If you caught my post from last week, you learned that I have been contemplating leaving my current place of employment, wishing for a job at another frontier where the pastures are hopefully greener. Indeed, I have applied online for a couple of positions where I believed my talents and skills (such as they are) are a good fit. Well, either I need to do some follow-up work with these prospective employers — which can be hard to do when you’re applying through job sites or they specifically tell you “no calls or e-mails, please” — or they weren’t too keen about my resume… or my job skills.
Which is not to say that none of these prospective employers are beating a path to my door. In fact, several have e-mailed me. Well, I should clarify that statement with these bullet points showing what they’re offering:
- “A job doing nothing but handling incoming calls?” Uh, no.
- “A short-term contracted position?” Definitely not; I’m wanting full-time stuff.
- “An exciting opportunity in sales?” I’m the worst salesperson.
- “An opportunity to sell insurance?” Again, I couldn’t sell snow to a ski resort.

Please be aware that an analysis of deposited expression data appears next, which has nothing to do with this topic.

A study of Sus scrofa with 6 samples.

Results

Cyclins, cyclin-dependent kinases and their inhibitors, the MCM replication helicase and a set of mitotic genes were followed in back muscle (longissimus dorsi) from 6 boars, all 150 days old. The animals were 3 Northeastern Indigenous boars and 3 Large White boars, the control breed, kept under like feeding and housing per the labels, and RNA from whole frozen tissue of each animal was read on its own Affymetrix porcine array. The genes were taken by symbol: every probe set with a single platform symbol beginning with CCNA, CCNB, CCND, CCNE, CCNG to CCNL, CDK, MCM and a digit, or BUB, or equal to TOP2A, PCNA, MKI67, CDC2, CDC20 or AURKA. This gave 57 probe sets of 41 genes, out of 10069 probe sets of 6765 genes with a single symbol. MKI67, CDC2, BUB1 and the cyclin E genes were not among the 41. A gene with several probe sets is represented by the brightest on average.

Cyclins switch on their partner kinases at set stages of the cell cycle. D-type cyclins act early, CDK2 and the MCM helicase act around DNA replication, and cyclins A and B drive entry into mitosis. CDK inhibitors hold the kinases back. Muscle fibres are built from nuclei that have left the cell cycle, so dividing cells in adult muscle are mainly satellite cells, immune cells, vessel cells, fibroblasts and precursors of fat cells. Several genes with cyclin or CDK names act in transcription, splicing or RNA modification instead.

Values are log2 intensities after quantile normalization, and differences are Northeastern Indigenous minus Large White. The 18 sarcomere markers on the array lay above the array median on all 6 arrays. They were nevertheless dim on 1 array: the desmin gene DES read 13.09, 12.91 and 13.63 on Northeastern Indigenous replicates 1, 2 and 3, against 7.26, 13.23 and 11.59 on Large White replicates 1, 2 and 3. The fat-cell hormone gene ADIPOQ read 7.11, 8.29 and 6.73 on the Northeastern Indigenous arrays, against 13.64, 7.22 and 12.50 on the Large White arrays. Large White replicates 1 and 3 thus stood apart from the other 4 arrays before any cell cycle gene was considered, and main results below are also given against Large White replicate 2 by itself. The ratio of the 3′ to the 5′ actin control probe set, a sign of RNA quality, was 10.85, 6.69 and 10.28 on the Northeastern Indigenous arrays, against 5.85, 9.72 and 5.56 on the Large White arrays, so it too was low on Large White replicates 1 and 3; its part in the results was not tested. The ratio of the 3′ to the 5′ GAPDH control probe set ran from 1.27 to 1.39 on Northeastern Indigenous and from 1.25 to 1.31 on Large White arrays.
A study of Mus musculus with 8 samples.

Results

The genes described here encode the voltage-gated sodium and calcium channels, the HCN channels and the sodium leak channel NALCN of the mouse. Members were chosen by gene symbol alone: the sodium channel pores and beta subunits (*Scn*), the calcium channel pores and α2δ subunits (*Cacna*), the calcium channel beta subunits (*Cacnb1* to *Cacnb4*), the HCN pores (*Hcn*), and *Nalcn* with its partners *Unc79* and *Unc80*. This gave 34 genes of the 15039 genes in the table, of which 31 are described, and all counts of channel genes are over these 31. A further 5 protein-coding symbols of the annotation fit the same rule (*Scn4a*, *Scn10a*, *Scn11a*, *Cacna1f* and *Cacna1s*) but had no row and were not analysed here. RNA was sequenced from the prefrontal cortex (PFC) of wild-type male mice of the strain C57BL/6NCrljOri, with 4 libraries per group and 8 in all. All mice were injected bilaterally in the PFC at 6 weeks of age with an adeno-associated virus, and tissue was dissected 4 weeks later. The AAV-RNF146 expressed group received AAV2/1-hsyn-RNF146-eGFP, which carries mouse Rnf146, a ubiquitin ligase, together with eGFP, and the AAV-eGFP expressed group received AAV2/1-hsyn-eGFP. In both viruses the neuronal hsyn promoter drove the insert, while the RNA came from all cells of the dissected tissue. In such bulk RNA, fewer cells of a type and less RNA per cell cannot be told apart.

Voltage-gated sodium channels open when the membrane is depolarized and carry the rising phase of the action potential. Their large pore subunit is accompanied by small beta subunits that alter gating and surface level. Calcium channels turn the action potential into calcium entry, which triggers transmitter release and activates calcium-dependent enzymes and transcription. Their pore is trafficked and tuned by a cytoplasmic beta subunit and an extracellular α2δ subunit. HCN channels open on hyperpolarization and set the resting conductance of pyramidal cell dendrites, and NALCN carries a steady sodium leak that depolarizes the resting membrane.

- “An Uber driver?” Well, it does sound interesting, but my car has only two doors.
But despite all of that, there was one actual, legitimate company where I applied and they called back. I wasn’t sure if my skills would have been a good fit, but dang gummit, they left me a message anyway. So, after a few rounds of telephone tag, I finally got a hold of them, and they asked me a few pointed questions. Ah, yes, the over-the-phone pre-screening. And here’s where I blew my chances, because I really didn’t prepare myself for what they would ask.
Looking back on that phone call 3 days ago with that prospective employer (or their human resources department, actually), I imagine it wasn’t so much the questions that threw me off but my articulation (or lack of it) when responding. I did not sound cavalier or dismissive about the questions, if you’re wondering; far from it, in fact, for I sounded professional and sincere when responding. However, I think my hems and haws may have left a bad impression on the interviewer. He politely let me know he would forward my name and resume to the hiring manager, who would call me back if they were interested. It’s been 3 days, and I have not heard from them (*sigh*). It’s left me wondering how I can get improve my interview and presentation skills for that next phone call or interview, which I’m hoping will be soon.
But all is not lost when it comes to my job search. I’m in the process of spiffing up my resume, and I’m looking forward to sending it out again. And I am still with my current employer, where last week my supervisor and I sat down for my annual performance review. It was at that review where I… wait for it… received good marks and an overall rating of “superior in job performance.” To paraphrase that quote from The Godfather: Part III, just when I think I’m about to be left out, they pull me back in. For now.